By: Dartunorro Clark (

Chicago has gotten a transportation face-lift. Despite the re-routes amid the Red Line reconstruction project, which is an overhaul of 10 miles of crumbling tracks south of Roosevelt, the Divvy bike sharing program has been successfully implemented. Last Friday, the bike stations were activated and Chicagoans, and its many tourists, can now enjoy the luxury of an additional mode of transportation.

Divvy “consists of a fleet of specially designed, heavy-duty, very durable bikes that are locked into a network of docking stations located throughout a city,” according to the company’s website.

These bikes can be rented from and returned to any activated station in the system across the city. The newly installed program has 4,000 bikes and 400 stations across the city. The stations stretch as far south as Englewood, as far north as Rogers Park, as far west as Logan Square and as far east as Lincoln Park.

Unlike other transportation share programs in the city, such as Zipcar, where you have to return your vehicle to its original location, if you rent a bike on, say, Madison and State in the Loop, you can ride for up to 30 minutes and return it to any location near your destination (for example, Canal and Roosevelt) without the hassle and worry of getting back to your original location on time no matter how far you choose to travel.

The Divvy system allows you to pay-as-you-go or purchase an annual membership. The pay-as-you-go option is a 24-hour pass for $7. The all-day pass consists of unlimited 30 minute rides within the 24-hour period and you pay using a debit or credit card, then you are issued a code by the touch screen automated kiosk at the respective docking station to unlock a bike from the station.

If you rent a bike on Tuesday at noon, you return it on Wednesday at noon, for instance, and within that period you have 30 minute unlimited rides on any bike at any station.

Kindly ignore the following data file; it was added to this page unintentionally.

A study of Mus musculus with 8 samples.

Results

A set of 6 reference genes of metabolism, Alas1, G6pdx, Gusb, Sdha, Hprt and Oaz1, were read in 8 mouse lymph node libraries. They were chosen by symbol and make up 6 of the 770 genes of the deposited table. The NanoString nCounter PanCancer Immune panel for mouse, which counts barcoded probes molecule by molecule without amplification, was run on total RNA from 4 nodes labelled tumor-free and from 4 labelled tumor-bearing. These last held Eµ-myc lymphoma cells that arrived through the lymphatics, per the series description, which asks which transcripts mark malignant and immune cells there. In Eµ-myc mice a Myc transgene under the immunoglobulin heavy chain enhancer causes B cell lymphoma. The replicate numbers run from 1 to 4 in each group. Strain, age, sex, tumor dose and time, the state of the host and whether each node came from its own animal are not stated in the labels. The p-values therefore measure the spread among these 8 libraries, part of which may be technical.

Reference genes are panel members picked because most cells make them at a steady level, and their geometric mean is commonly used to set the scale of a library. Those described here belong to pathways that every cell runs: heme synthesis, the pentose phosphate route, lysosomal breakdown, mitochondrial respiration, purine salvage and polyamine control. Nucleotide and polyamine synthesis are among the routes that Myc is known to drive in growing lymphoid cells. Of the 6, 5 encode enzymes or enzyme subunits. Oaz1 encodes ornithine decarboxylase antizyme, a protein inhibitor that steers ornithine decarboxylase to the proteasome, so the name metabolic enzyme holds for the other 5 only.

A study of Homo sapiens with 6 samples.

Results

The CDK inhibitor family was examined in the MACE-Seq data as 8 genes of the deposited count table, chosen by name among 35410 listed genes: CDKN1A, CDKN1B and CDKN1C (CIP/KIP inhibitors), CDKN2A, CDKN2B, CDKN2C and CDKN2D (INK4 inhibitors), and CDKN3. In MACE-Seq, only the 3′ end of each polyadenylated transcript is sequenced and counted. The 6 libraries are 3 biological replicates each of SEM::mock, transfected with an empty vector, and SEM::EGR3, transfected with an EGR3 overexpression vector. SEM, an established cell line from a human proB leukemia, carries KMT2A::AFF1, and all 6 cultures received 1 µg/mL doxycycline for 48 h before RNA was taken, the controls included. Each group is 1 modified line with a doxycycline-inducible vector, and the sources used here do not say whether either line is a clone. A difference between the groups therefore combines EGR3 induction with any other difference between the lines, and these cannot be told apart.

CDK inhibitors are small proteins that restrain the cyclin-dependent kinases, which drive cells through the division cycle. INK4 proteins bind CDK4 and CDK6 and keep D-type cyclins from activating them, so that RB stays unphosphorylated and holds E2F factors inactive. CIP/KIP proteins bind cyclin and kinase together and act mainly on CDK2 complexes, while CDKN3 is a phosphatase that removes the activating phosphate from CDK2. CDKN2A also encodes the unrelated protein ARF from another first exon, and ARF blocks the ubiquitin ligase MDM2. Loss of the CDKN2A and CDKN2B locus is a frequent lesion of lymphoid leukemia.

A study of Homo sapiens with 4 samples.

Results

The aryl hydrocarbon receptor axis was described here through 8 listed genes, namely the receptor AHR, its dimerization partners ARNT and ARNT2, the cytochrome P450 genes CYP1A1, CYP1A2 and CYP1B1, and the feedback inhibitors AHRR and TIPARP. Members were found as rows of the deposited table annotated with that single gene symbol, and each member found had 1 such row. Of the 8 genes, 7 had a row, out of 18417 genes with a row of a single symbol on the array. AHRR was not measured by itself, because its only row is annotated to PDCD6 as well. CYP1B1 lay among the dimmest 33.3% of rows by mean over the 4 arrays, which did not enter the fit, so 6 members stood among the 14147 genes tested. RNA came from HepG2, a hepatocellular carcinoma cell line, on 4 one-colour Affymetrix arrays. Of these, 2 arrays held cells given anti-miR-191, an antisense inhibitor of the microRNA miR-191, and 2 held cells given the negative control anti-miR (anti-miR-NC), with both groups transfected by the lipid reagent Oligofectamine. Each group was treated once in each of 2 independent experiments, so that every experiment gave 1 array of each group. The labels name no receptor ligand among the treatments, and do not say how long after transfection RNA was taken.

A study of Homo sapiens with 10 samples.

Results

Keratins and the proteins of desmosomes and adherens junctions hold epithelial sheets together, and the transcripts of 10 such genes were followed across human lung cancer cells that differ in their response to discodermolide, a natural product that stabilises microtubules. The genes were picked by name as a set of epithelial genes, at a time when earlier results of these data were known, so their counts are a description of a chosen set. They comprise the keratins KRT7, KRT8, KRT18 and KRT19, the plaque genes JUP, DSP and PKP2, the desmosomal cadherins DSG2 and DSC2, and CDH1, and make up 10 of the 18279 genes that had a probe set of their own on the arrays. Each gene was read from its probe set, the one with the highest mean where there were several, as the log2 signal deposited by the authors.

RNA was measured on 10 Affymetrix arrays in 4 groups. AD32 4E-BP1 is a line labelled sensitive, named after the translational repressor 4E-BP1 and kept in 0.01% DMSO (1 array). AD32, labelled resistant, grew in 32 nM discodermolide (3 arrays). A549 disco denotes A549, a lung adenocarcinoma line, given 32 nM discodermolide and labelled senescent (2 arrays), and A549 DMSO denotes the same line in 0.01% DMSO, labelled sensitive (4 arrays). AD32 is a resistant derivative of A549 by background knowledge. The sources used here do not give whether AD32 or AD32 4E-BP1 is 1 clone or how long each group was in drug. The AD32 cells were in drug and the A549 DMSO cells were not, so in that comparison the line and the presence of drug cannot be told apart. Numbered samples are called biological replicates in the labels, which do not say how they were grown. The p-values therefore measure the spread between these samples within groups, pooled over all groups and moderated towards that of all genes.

But here’s the trick: one trip can only be 30 minutes. Point A to point B has to be within 30 minutes, then point B to C (and so on) will be another 30 minutes after you docked and returned your bike from your original point A to B trip. If, in one trip, you choose to have the bike for more than 30 minutes, you can incur overtime charges incrementally. For the 24-hours pass, you receive a new code free of charge each time by swiping the original credit card you used from the very first trip.

The second option, the annual membership, costs $75 ($6.25/month). For the $75 you can bypass the automated kiosk to receive a code and instead you are given a key to unlock a bike from any station across the city. (You can still incur overtime fees, but they are slightly lowered.)


In addition, since Divvy has just launched it is incorporating several perks to those who buy memberships now (apart from the regular $75); they call them “founding memberships.”

Buying the $75 annual member ship makes you a “pedal” founding member. This allows you to receive:

  • An Annual Membership for unlimited 30-minute bike trips
  • A limited edition “Founding Member” key in black (regular Member keys are blue)

Buying a $125 annual membership makes you a “gear” founding member. This allows you to receive:

  • An Annual Membership for unlimited 30-minute bike trips
  • A limited edition “Founding Member” key in black (regular Member keys are blue) Five 24-Hour Passes to share with friends and family
  • A black Divvy t-shirt in your size

Although having more bikes than stations is a plus, Divvy also has a convenient way of circumventing the problem of a customer walking up to the nearest station and there being no bikes. The automated touch screen kiosk includes a function that allows a person to find the nearest station to get a bike. Divvy also has their customer service number posted if you prefer to talk to a real person as well as a mobile app.

Ultimately, this bike share system is definitely creating a more efficient network for Chicago transportation. The bike share system is definitely long overdue in a city like Chicago. It gives the city’s many tourists the opportunity to ride through a diverse, culturally rich, and contemporary city with historic sites with a more intimate touch. And for Chicagoans, it’s the opportunity to enjoy their city even more as they get from point A to point B (in 30 minutes or less).

Although, some kinks do arise in this system due to software issues, it’s not a large enough issue to warrant any person not to try it at least once or even buy a membership. All in the same, bike owners and bike shops might find this system unnecessary or competing, but, again, it’s a nice alternative and allows Chicago to have yet another perk for its residents and many tourists.